Rebel: a Framework for Improving AppKit

In our last blog post, we revealed Mantle, our Cocoa model framework. Today, we’re announcing Rebel, a framework for improving AppKit.

Since you may recall our original TwUI announcement, the decision to start using AppKit again bears some explanation.

Farewell, TwUI

For a while now, we’ve been collaborators on Twitter’s TwUI, a popular UI framework for the Mac. TwUI made it easy to build a modern layer-based application for OS X.

However, the AppKit improvements in Lion and Mountain Lion include substantial fixes for layer-backed views. On Snow Leopard, layer-backed NSTextFields and NSTextViews were almost unusable – now, most standard views behave sanely. NSScrollView, in particular, no longer consumes an absurd amount of memory or performs asynchronous tiling (so content no longer fades in while scrolling).

These fixes make TwUI less necessary, so we’re slowly migrating GitHub for Mac back to be 100% AppKit, freeing up our development time to work on GitHub for Mac instead of maintaining an entire UI framework alongside it.

As we move away from using TwUI, we will also become less active in its development. We want to leave the framework in good hands, though, so if you’re interested in helping maintain TwUI, please open an issue and explain why you think you’d be a good fit.

It’s Not All Peaches and Cream

Still, AppKit isn’t perfect.

Some significant improvements are only available on Mountain Lion. Even then, there are still some bugs – silly things like horizontally scrolling NSTextFields ending up on half pixels, or NSScrollView being unbearably slow.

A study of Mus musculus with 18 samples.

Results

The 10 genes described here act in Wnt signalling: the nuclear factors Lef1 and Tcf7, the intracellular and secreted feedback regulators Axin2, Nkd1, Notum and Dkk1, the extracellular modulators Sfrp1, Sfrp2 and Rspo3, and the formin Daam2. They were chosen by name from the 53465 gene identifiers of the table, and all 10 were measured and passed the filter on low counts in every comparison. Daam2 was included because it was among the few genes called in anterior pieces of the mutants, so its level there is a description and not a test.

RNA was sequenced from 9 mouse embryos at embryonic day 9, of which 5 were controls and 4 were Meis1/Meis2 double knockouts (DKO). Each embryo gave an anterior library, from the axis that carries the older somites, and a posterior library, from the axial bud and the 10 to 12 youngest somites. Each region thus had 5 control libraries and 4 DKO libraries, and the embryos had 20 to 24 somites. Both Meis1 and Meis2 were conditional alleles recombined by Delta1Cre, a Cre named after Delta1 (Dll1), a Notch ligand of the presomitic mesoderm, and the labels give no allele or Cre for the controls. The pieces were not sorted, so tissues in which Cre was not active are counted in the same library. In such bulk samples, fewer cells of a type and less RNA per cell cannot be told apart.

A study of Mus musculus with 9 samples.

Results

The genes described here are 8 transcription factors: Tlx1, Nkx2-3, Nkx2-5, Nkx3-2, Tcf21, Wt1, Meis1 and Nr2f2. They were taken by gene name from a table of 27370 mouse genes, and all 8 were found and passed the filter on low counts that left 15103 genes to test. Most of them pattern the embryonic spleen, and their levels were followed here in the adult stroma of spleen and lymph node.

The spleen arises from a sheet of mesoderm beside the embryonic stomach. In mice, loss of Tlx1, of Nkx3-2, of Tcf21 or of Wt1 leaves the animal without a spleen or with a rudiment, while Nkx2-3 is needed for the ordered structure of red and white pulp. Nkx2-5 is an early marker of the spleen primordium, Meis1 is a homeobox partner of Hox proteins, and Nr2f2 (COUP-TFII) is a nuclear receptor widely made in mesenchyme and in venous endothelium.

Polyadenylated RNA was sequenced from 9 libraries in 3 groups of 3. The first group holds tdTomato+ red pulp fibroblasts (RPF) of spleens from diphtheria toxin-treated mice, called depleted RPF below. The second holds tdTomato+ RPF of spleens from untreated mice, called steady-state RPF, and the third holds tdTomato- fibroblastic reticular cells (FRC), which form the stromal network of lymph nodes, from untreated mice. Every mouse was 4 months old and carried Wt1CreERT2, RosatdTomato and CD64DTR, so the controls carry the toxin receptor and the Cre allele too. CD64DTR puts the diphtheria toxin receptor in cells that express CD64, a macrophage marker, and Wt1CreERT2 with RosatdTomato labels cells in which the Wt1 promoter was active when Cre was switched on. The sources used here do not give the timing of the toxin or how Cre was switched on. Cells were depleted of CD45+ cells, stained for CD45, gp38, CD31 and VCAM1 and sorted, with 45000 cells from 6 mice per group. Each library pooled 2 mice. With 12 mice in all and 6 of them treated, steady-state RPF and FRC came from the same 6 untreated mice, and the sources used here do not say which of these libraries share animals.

Not to mention that many of its APIs are often difficult to use:

  • NSCell is the perennial example. Support for views (instead of cells) in NSTableView helped a lot, but NSControl still uses a cell.
  • Three-slice and nine-slice images are a pain to draw.
  • NSPopover doesn’t support much appearance customization.
  • Animator proxies don’t immediately reflect changes, and always animate, even when outside of an explicit animation group. Together, these behaviors make it impossible to write a single code path that performs correct layout regardless of whether an animation is occurring.

Introducing Rebel

This is where Rebel comes in. Rebel aims to solve the above problems, and whatever else we may run into.

There are fixes to the NSTextField blurriness and NSScrollView performance. There are iOS-like resizable images. Let Rebel figure out whether you’re animating or not.

Have you seen the username autocompletion popover?

Username autocompletion

That’s RBLPopover at work!

We want to make AppKit easy and enjoyable to use without rewriting it from the ground up.

Getting Involved

Rebel is currently alpha quality. We’re already using it in GitHub for Mac, but we may still make breaking changes occasionally.

So, check it out, enjoy, and please file any issues that you find!

Have feedback on this post? Let @github know on Twitter.
Need help or found a bug? Contact us.